Birthdays the Beginning is the latest title by Harvest Moon creator Yasuhiro Wada and focuses on bringing life to a new, mysterious world. When your character enters a cave and finds a small cube and a creature he’s never laid eyes on before, he’s whisked away to their world to become its creator.
There isn’t much in the way of story as you tackle the games campaign mode, where you’re tasked to introduce specific forms of life, maintain temperatures and more to create a thriving world, with each creature having unique requirements. Whether it’s changing the terrain, making areas more or less moist or creating food for animals to eat, there’s plenty you’ll need to do to maintain life. Animals go extinct if not properly taken care of and whilst it’s certainly a big info-dump at the start, it’s easier to come to grips with than I had expected. You don’t have very long though because between the games four chapters, it doesn’t take very long to reach the end.
Each chapter will give you an overall goal to reach such as chapter two tasking you to give life to dinosaurs — maybe they won’t go extinct this time! It’s not particularly exciting and really most of your time will be spent waiting to see what creature will spawn next, or fiddling around with vague instructions on how to achieve specific requirements to specific creatures — sometimes you’ll have to force a race to extinction so that another can thrive, leaving you with a little less freedom than you may like — you do unlock Free Mode later on though, so you can do whatever you’d like.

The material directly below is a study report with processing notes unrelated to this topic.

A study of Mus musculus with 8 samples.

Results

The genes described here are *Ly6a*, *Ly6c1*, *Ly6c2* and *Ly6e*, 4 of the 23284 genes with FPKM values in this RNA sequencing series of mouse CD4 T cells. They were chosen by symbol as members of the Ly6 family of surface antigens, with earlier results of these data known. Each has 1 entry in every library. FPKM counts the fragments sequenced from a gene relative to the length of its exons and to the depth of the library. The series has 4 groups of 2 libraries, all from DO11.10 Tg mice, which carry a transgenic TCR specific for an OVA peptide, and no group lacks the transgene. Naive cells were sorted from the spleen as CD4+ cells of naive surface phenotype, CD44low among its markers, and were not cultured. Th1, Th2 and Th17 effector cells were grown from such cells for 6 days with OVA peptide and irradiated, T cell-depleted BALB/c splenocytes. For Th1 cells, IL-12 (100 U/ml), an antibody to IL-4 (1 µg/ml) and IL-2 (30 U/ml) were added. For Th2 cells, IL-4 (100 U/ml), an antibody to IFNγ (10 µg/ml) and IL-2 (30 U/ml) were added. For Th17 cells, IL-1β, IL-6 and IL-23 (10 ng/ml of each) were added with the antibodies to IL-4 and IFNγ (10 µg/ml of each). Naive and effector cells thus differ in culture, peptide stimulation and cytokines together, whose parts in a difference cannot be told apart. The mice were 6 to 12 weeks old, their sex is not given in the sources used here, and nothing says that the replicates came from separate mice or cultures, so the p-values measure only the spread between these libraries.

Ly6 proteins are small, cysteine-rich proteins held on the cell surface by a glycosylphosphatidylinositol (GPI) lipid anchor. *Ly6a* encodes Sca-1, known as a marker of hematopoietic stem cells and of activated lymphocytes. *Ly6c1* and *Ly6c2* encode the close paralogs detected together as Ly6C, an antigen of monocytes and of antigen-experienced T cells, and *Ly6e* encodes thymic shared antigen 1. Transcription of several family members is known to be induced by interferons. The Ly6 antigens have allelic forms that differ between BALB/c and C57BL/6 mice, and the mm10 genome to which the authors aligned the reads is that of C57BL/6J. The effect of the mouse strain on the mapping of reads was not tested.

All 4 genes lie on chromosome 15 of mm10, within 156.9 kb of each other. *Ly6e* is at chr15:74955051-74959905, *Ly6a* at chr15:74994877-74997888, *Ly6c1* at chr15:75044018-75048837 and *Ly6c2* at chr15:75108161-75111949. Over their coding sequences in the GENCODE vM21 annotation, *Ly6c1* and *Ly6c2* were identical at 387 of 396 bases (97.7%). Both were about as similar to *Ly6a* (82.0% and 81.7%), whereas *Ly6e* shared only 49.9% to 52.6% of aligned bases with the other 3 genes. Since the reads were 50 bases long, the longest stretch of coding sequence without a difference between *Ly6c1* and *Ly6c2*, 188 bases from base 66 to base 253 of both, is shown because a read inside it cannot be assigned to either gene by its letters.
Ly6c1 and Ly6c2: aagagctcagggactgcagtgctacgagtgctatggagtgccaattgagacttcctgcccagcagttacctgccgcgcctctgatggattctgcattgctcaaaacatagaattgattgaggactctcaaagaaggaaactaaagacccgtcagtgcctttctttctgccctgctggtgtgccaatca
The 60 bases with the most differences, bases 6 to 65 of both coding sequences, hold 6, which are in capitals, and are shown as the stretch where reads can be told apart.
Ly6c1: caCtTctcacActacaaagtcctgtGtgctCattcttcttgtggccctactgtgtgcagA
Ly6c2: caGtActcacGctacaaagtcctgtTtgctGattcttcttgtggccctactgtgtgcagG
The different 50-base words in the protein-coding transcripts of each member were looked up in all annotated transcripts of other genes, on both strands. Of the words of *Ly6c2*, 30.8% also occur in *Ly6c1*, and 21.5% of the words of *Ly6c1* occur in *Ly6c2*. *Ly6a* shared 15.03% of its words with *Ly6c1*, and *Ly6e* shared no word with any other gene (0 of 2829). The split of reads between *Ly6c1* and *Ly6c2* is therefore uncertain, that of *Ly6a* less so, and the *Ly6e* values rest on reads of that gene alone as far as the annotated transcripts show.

The controls can be a tad awkward to use, specifically in first-person, and the cameras controls are inverted without option to change them — definitely not my favourite way to play games and it made for a frustrating experience. I’m unsure as to how the option isn’t there and it’s a strange oversight — I just want my camera to go right when I steer right, you know? The control scheme in general is cumbersome and will inevitably lead to a few mistakes which are equally as painful to undo, and they continue to feel clunky regardless of how much time you clock in.
Visually it’s very animated, cute and simple, with a unique art style and plenty of charm. A few animals or plants of each race will appear in the cube, despite having thousands of them actually being alive, to prevent things from being too cluttered — it’s a world of colour with cartoony creatures just doing their business, and it’s rather peaceful when they aren’t going extinct. You zoom out and wait as the years quickly go by and more lifeforms are given birth to, and you zoom back in to modify the terrain — it’s a lot of waiting around rather than engaging. The cube stops the game from being too big and instead it’s contained and manageable, and along with the gameplay this becomes repetitive relatively quickly. There’s very little in the way of audio whether it’s audio or dialogue — if anything, Birthdays the Beginning is primarily sound effects.
Birthdays the Beginning is creative but it’s hard to recommend — it’s nothing quite like Harvest Moon, so don’t go in expecting something along those lines. Repetition doesn’t take long to set in and the campaign is only a handful of hours long, leaving you with very little content. Sure there’s Free Mode, but unless you’re really, really having a blasting with the game then chances are you won’t bother with it too much past the campaign, but there is replayability in stars you earn on each chapter — again though, you have to really care about this because overall it makes no difference. Birthdays the Beginning is a unique game for the PS4, but one that I can’t see myself returning to. If there’s a sequel then hopefully the cool concepts set up here are put to better use.